The Canary and the Cat

She had been admiring him for far too long. For as long as he had admired the piece, in fact.

When she had chosen to travel to the often empty art gallery that day, she hadn’t expected much to happen. It was simply an enjoyable way for her to spend her free time, admiring the individual brush strokes, the time and effort put into each and every piece in the exhibit.

And so when she reached one of her favourite rooms, housing her favourite piece, she was surprised to find a man already transfixed by it. She traversed the room, hoping for the stranger to be gone to give her adequate space to admire this piece for some time. Instead, the longer he stayed, and the longer she had to admire him from a distance.

“Ethereal” she heard the man breathe.

He stared at what should be a simple concept: a nude portrait of the Goddess Venus. And yet, with how plain it was in concept, with how much it lacked in the abstract department, this particular image shone in a room full of colourful portraits and religious pieces.

She bit her lip and steeled herself; she wasn’t about to back away from this. She loved that painting, and this stranger wouldn’t frighten her off.

“Do you know why?” she found herself asking as she crept forward. Despite trying to keep her voice soft, he still jumped as she cut through the silence like a blade.

“Why what?” the man questioned, somewhat startled; so few people would speak in this place that he was unsure how to respond.

She couldn’t bring herself to look at him, embarrassed to have shocked him, and taken aback by the velvety English accent this man was graced with. Instead she gazed up at the woman, taking in her rosy cheeks and warm gaze. “Why she looks so much like the goddess she is?”

The man glanced between her and the painting before tilting his head, contemplative. “Well, she is beautiful.”

A laugh escaped the woman’s lips, leaving the man to feel his cheeks redden slightly.

“I apologize,” he spoke up, “but my knowledge of the arts is admittedly lacking.”

She tilted her head, looking to the man. He had longer, pitch black curls, and incredibly pale skin. He was leaner, in a fitted black suit with a hint of a green shirt underneath that brought his blue eyes out immensely. With the hopes that she wasn’t being overbearing to this overbearingly attractive man, she smiled. “Would you like to know?”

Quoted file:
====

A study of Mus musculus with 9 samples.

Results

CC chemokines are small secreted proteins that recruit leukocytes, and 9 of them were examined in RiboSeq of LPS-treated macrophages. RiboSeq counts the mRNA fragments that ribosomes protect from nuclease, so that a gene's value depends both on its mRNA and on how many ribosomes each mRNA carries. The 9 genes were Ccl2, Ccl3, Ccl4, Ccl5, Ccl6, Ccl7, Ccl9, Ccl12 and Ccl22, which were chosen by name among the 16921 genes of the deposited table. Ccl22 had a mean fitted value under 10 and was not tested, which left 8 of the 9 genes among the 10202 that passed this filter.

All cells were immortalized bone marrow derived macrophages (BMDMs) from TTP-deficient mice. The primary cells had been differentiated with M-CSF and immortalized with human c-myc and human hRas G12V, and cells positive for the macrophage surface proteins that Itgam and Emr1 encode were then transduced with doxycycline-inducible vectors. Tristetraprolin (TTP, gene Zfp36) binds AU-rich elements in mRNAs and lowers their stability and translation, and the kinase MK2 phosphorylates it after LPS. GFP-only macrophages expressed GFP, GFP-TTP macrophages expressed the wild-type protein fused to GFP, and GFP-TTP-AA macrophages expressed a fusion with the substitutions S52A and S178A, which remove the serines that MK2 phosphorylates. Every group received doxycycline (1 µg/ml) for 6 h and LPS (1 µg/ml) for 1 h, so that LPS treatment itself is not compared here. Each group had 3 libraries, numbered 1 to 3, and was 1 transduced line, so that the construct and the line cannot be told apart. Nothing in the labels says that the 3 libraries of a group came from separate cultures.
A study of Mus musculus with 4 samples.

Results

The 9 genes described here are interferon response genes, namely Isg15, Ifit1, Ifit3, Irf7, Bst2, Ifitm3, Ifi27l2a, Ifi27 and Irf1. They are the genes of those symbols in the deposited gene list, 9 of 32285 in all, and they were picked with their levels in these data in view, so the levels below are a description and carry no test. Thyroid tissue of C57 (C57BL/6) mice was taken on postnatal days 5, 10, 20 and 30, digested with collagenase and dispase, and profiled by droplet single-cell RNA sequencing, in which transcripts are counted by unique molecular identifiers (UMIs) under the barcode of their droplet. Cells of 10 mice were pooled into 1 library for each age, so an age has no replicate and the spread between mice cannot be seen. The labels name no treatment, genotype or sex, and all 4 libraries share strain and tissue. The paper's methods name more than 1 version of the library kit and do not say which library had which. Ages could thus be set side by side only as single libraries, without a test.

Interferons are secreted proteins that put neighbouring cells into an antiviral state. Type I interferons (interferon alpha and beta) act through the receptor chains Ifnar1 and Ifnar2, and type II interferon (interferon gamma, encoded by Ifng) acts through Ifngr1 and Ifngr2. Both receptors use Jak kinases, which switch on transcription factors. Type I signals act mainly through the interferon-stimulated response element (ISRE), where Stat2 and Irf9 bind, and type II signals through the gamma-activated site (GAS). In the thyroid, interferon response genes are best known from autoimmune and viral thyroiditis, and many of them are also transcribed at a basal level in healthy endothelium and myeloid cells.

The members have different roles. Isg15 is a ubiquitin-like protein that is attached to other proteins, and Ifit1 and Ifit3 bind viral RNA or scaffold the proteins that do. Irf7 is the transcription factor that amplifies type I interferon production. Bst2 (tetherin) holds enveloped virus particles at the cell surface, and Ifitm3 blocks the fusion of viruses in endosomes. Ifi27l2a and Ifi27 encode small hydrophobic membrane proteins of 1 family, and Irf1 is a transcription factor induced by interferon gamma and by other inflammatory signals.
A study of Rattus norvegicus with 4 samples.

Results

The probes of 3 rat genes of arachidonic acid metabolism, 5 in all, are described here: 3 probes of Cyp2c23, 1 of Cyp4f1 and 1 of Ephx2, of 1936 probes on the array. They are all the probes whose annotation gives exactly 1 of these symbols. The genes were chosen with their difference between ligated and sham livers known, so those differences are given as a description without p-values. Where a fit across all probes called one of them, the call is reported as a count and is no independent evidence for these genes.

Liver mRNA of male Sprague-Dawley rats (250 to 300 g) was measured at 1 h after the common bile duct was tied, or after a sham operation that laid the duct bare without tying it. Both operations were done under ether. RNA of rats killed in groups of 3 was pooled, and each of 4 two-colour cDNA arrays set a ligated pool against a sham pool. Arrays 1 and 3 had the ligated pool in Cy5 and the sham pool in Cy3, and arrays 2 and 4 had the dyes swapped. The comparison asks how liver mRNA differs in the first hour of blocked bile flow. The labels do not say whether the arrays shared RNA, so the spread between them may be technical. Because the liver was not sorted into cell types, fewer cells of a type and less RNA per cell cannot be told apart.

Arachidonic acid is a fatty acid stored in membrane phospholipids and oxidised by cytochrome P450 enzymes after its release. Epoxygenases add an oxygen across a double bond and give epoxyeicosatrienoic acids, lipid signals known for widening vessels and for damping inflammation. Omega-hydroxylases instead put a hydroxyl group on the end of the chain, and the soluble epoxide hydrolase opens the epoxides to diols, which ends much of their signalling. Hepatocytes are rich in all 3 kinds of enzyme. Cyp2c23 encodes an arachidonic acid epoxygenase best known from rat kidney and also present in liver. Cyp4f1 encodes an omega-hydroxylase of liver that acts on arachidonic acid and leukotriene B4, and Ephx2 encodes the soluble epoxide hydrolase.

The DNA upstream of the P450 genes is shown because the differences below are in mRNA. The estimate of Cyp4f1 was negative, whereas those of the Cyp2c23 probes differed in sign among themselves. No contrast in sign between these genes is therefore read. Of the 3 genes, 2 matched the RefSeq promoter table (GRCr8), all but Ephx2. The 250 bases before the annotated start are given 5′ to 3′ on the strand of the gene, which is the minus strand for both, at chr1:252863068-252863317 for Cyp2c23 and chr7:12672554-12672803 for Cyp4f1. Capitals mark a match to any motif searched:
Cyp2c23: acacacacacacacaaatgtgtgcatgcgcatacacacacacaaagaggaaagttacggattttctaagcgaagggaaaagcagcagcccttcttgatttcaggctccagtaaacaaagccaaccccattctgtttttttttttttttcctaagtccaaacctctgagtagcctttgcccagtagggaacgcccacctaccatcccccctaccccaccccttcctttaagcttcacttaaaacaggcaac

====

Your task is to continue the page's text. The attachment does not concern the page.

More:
The blue eyes flickered to meet hers, and turned their focus back to the painting. he nodded.

Outstretching her hand, she ran her pinky finger in the air along the goddess’ figure.

“It’s mostly due to her height,” she explained, her voice a soft murmur compared to the sharp sounds of footsteps echoing throughout the exhibit. “Most artists measure the body relative to the size of the head. Women are typically around 7 heads, whereas she is closer to 10. It gives her an otherworldly feeling. Combine that with the long curls, the jewelry, and the clear, rosy skin…”

“Beautiful,” he breathed, taking in the piece with this new information. How clever, tricking the human eyes into seeing this woman as a deity-like figure, simply for her height alone.

“I especially love how delicate the veil is,” she mentioned, tracing it along in the air. “To paint something so delicate and transparent, and yet it is still so visible…”

His head turned to face her. “Are you an artist then?”

She reddened and shook her head. “I dabble. I’m afraid I only know so much because I live my life with books and not people.”

He nodded, looking back to the piece. “I can understand that.”

She bit her lip, moving to step away. “I’m so sorry, I’ve taken up so much of your time.”

“Nonsense,” he spoke up, perhaps a little too quickly for his liking. “I was hoping you would offer to explain more of these pieces to me, in all honesty.”

She looked up at the blue eyed man, surprise. “Surely you don’t want to hear me drone on.”

She then could have sworn she had caught a glimpse of a wicked grin, before it melded into a charming, debonair smile.

“Nothing said with your melodic voice could never be anything but enchanting, little dove.”

If the woman thought she was red before, it was nothing compared to now. No one had ever so openly flattered her.

“I…I,” she kicked herself for being so tongue tied, yet the man stepped forward and saved her the embarassment.

“May I have the honour of accompanying you? I wish to listen to your knowledge on these works.”

Finally composed, she nodded shyly. “I would like that very much.”

As the pair meandered along the exhibit, and the young woman rambled on, the man sat there, entranced by her words. But it wasn’t a smile that graced his devilish features, as the woman believed.

No, it was the look of a cat that had finally caught his canary.





Photo is a part of Lucas (The Elder) Cranach’s Venus – c. 1518, which inspired this piece.